I’m wondering if any sequel can live up to the accomplishment of Wolf Hall, the marvelous historical fiction about Thomas Cromwell which was so good on so many levels. I start this one and think nope – not going to cut it – and then oh … wait a minute, Mantel seems to have her stuff together again for an Act 2.
I think one of the most amazing things about this volume of the trilogy is how Mantel turned Cromwell from a basically sympathetic character in Wolf Hall to a sleaze and a snake in Bring Up the Bodies. Another thing of course was the apparently solid research – (and the notes section at the end was a nice touch). The writing was brilliant, the structure was genius – if I’m not careful this book will get a 10.
A sample of what I would highlight for sheer beauty:
“Then you say, I can’t endure this any more, I must breathe: you burst out of the room and into a wild garden where the guilty are hanging from trees, no longer ivory, no longer ebony, but flesh; and their wild lamenting tongues proclaim their guilt as they die. In this matter, cause has been preceded by effect. What you dreamed has enacted itself. You reach for a blade but the blood is already shed. The lambs have butchered and eaten themselves. They have brought knives to the table, carved themselves, and picked their own bones clean.” p. 341
“When Wyatt writes, his lines fledge feathers, and unfolding this plumage they dive below their meaning and skim above it. They tell us that the rules of power and the rules of war are the same, the art is to deceive; and you will deceive, and be deceived in your turn, whether you are an ambassador or a suitor. ” p. 348
I was hooked but a bit weary of reading one really good book after another so I interspersed this with a couple other fine books – listens.
Anyway, in Bring Up the Bodies we have Thomas talking to himself again in third person – “he” “his” etc. (Perhaps it’s an intimate third person.) I think Mantel may have paid heed to some criticism regarding this third-person intimate point of view being confusing to some readers. Not I and I have a bit of an issue with her attempt here to clarify things by the use of “he – that is Cromwell – was …” phrases. I figured it out last time, I could do it again.
Getting on with it – Chap 1 we rejoin Cromwell and get some background and some updates until Henry (VIII) meets Jane Seymore. I think the Seymores are as viscous and power-hungry as the Bolyns – probably more so. The reader with some background in the history will know that Cromwell has his work cut out for him.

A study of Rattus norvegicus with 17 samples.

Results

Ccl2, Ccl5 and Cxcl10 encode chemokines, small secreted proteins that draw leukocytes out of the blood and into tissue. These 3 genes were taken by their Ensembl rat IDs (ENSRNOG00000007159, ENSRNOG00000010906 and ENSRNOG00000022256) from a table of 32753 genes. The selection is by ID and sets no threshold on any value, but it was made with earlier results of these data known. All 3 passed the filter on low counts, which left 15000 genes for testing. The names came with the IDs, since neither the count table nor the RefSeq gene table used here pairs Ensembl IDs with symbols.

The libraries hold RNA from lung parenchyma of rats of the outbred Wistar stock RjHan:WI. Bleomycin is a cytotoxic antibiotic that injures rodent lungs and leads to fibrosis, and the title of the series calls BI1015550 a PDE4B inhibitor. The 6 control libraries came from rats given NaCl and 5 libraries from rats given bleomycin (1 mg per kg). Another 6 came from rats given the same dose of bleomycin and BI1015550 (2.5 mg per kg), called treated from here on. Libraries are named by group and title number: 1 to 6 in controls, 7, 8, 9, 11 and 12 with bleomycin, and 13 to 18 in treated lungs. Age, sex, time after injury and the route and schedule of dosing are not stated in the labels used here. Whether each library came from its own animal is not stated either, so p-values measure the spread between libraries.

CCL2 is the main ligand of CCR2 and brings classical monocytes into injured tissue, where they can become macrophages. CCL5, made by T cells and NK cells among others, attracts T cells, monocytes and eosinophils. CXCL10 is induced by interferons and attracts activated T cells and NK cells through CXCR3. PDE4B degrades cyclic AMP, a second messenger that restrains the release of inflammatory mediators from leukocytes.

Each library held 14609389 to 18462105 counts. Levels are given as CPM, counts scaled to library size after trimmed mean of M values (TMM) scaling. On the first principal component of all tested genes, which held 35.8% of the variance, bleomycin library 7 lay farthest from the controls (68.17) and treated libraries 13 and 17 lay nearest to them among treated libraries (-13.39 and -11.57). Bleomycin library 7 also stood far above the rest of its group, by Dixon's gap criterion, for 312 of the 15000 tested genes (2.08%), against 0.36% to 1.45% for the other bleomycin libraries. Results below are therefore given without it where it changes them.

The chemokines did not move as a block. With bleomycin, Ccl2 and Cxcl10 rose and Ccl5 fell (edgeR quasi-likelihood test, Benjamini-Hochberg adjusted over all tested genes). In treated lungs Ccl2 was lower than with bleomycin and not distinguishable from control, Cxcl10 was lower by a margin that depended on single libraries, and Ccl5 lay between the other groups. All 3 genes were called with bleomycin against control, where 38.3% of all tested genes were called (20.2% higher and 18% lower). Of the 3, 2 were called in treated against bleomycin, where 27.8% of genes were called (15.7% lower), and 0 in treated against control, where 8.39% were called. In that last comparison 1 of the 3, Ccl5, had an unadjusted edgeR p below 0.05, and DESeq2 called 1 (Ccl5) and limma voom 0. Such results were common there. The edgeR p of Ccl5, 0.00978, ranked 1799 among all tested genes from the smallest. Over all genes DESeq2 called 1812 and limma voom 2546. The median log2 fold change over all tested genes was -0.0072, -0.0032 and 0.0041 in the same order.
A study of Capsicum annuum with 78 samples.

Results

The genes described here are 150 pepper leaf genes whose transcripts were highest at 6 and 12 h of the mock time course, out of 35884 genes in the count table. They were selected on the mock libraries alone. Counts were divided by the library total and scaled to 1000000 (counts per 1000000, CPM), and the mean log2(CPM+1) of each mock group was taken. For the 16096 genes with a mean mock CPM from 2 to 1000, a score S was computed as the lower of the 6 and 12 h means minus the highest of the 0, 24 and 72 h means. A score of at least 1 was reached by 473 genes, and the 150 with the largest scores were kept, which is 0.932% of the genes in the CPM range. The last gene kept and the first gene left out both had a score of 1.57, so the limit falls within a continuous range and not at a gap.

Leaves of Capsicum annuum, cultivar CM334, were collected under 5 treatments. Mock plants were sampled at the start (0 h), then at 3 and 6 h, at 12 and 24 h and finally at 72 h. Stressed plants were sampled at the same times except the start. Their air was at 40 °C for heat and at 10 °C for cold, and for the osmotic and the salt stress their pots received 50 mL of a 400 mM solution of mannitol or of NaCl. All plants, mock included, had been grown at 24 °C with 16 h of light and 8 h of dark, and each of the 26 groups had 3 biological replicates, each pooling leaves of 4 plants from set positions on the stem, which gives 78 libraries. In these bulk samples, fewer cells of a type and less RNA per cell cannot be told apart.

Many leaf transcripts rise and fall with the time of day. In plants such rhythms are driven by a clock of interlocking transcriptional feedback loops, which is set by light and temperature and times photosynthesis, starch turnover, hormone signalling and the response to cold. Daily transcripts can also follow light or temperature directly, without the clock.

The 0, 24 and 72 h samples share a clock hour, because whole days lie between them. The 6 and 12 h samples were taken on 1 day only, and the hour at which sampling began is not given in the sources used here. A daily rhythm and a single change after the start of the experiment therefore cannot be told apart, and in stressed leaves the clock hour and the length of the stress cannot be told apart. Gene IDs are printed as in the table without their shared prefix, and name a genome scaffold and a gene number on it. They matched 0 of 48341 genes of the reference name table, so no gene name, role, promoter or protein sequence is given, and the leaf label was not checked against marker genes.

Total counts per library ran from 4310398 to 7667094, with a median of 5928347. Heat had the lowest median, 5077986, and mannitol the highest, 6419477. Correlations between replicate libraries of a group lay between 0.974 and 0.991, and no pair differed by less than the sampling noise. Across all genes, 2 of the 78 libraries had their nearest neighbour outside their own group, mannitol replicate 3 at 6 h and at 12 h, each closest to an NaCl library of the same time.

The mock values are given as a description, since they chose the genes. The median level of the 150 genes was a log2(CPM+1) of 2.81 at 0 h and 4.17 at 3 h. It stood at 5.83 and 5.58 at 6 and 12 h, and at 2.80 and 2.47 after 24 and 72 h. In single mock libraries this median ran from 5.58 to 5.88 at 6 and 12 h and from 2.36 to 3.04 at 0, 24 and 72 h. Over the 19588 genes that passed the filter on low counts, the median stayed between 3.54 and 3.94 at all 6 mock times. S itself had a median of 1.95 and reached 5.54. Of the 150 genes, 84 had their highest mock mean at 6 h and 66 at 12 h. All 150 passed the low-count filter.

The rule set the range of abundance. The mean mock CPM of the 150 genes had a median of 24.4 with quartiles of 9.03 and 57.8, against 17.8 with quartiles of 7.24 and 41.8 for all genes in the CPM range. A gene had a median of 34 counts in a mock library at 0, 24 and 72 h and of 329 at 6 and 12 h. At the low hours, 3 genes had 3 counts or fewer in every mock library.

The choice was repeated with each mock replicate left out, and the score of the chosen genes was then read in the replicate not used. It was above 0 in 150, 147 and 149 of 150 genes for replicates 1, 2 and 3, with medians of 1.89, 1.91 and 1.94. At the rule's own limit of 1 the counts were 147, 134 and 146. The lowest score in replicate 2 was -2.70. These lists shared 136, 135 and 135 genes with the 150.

The language is lovely, dense, a bit old-fashioned and lightly spattered with archaic words and phrasing. It’s not an easy book – but it’s not in the category of “hard books” by any means. Mantel is bringing history to life – not manufacturing a story to go with an historical situation or era.
It looks like this book will have Cromwell’s duties other than matchmaking included. Martin Luther has already come up as has the alliances between France and Rome, etc.
Should be interesting.
The act of dismantling the monasteries – the riches to the kingdom. –
“As for the monks, he believes, like Martin Luther, that the monastic life is not necessary, not useful, not commanded of Christ. There’s nothing imperishable about monasteries. There’s nothing imperishable about monasteries. They’re not part of God’s natural order. They rise and decay, like any other institutions, and sometimes their buildings fall down, or they are ruined by lax stewardship. Over the years any number of them have vanished or relocated or become swallowed into some other monastery. The number of monks is diminishing naturally, because these days the good Christian man lives out in the world. Take Battle Abbey. Two hundred monks at the height of its fortunes, and now – what? – forty at most. Forty fat fellows sitting on a fortune. The same up and down the kingdom. Resources that could be freed, that could be put to better use. Why should money lie in coffers, when it could be put into circulation among the king’s subjects?” (p 43)
When the book opens, Henry VIII is king and Anne Bolyn is his queen at the Palace of Palencia in Greenwich.
Meanwhile, Catherine of Aragon, Henry’s divorced wife, and Mary, his daughter from that marriage, were virtual prisoners at Moor Park House in Herftordshire.
When the book opens Henry, still married to Anne, is just becoming enamored of Jane Seymour, one of her ladies in waiting, when Jane was 25 years old.
Jane was a lovely girl – I suppose she caught his eye because she was small, frail and also because of of her soft looks, her quiet ways. Such a change from the feisty Anne who appealed to him after the plain and ever so religious Catherine.